Rare penny up for auction could fetch more than $1 million
By Lauren FitzPatrick Sun-Times Media email@example.com April 17, 2012 2:20PM
This image shows the famous 1792 Silver Center Cent, one of the first batch of coins struck inside the Philadelphia Mint. Bidding for the coin, up for auction on Thursday, April 19, as part of Heritage Auctions’ Central State Numismatic Society Auction, is already at more than $1 million. | Photo courtesy of Heritage Auctions.
Updated: May 19, 2012 8:13AM
Granted, the penny used to buy more than it does now.
Only this penny, one of America’s first, is already worth a million bucks to some online bidders.
Meet “Miss Liberty” 1792, three quarters copper with a tiny silver center. Minted in the United States’ earliest years, the experimental coin features a portrait of “Miss Liberty” and the inscription, “Liberty Parent of Science and Industry” on the front, and a wreath with the words “United States of America One Cent,” on the back.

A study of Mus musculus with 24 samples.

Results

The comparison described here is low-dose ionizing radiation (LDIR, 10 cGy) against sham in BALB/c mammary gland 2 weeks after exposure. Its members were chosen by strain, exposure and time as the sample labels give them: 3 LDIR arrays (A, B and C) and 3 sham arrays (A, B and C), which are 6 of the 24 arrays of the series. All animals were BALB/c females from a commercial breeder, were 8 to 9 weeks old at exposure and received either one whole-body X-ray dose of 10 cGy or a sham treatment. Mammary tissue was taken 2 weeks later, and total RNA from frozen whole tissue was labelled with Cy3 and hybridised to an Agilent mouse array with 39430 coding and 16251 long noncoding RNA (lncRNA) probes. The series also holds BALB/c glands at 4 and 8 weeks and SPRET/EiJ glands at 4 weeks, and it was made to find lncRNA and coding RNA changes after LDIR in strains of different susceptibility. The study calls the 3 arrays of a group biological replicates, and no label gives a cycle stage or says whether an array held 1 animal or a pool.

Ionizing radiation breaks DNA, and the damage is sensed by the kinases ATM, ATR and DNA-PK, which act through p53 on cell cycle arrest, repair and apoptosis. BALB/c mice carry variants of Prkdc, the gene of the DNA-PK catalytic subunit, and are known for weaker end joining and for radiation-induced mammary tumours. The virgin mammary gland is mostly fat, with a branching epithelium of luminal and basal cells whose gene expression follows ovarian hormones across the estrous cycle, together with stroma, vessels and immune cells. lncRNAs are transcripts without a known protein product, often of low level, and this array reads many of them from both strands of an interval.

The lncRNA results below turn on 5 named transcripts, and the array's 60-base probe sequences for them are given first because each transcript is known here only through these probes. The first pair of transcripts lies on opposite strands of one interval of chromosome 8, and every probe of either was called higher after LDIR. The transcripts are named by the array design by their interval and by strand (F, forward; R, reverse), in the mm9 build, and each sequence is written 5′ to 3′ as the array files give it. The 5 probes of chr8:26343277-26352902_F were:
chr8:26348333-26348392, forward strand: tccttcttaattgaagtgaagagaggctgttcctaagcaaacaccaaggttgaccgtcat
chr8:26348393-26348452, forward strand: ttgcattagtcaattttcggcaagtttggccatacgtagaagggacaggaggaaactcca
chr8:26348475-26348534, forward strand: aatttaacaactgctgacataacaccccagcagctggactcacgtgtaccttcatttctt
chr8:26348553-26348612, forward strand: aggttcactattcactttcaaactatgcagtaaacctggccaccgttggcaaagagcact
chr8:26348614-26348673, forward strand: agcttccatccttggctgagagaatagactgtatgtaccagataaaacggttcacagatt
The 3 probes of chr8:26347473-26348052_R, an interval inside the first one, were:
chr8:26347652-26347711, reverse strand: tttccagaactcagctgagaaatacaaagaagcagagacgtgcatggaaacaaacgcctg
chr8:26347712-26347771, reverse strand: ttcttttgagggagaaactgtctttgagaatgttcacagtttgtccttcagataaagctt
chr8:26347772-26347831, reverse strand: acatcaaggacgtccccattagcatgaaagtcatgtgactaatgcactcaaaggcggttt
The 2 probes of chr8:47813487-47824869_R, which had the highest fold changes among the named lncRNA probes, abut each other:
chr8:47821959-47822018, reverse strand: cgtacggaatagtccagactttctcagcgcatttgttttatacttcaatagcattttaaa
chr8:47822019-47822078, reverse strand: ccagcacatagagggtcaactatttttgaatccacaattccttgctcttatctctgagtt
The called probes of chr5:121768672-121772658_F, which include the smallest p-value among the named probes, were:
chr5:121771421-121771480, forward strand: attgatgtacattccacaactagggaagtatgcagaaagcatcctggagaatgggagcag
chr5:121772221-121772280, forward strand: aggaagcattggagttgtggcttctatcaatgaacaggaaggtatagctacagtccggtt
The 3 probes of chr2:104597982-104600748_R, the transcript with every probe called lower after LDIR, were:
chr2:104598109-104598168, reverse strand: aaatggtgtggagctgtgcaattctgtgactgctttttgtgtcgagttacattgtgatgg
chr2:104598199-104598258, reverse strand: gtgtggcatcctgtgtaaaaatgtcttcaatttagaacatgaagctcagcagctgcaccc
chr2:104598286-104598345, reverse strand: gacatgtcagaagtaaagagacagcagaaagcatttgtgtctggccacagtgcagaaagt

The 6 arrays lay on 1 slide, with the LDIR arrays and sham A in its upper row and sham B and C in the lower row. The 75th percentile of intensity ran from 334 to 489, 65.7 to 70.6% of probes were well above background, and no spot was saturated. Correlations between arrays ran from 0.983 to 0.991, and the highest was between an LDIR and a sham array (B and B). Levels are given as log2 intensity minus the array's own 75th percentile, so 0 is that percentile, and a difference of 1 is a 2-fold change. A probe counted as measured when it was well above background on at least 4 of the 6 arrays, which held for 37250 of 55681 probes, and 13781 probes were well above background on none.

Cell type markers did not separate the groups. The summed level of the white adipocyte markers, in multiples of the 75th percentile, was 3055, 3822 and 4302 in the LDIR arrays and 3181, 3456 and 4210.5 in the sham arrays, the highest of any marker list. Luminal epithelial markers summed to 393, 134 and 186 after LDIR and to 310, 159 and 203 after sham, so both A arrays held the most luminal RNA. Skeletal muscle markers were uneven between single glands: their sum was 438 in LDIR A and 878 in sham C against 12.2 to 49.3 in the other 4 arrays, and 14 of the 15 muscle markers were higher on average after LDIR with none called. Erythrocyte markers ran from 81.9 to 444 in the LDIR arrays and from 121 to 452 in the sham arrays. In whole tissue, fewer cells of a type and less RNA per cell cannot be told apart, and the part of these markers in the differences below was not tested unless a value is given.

Taking her home Thursday evening will cost at least $1.2 million, according to the online auction site selling her, Heritage Auctions.
That’s because she’s one of only 14 known surviving silver-center cent pieces, according to the auction house.
The coin was passed down over the last 220 years through fewer than a dozen owners, said Jim Halperin, cofounder of Heritage Auctions and a full-time coin dealer since age 16.
“I held it in the holder. I’ve never touched the metal,” he said. “It’s gorgeous.”
The consignor, he said, wants to remain anonymous.
Miss Liberty’s center is silver because the 1792 Mint Act defining U.S. coins would have made a penny minted from a cent’s worth of copper too large and heavy, he said.
“There was no way for it to have a penny’s worth of copper in it and still be useful,” Halperin said.
The mint’s chief coiner suggested the silver plug, he said. Then Congress changed the rules and pennies began to be minted from solid copper, he said, though early American pennies would have been larger than today’s quarter.
The auction, held in Schaumburg at 7 p.m. Thursday evening at the Renaissance Convention Center, coincides with the annual convention of the Central States Numismatic Society, a group that celebrates and studies coins, paper money, tokens and medals. Another of these coins sold in the last year sold for $2.8 million, he said.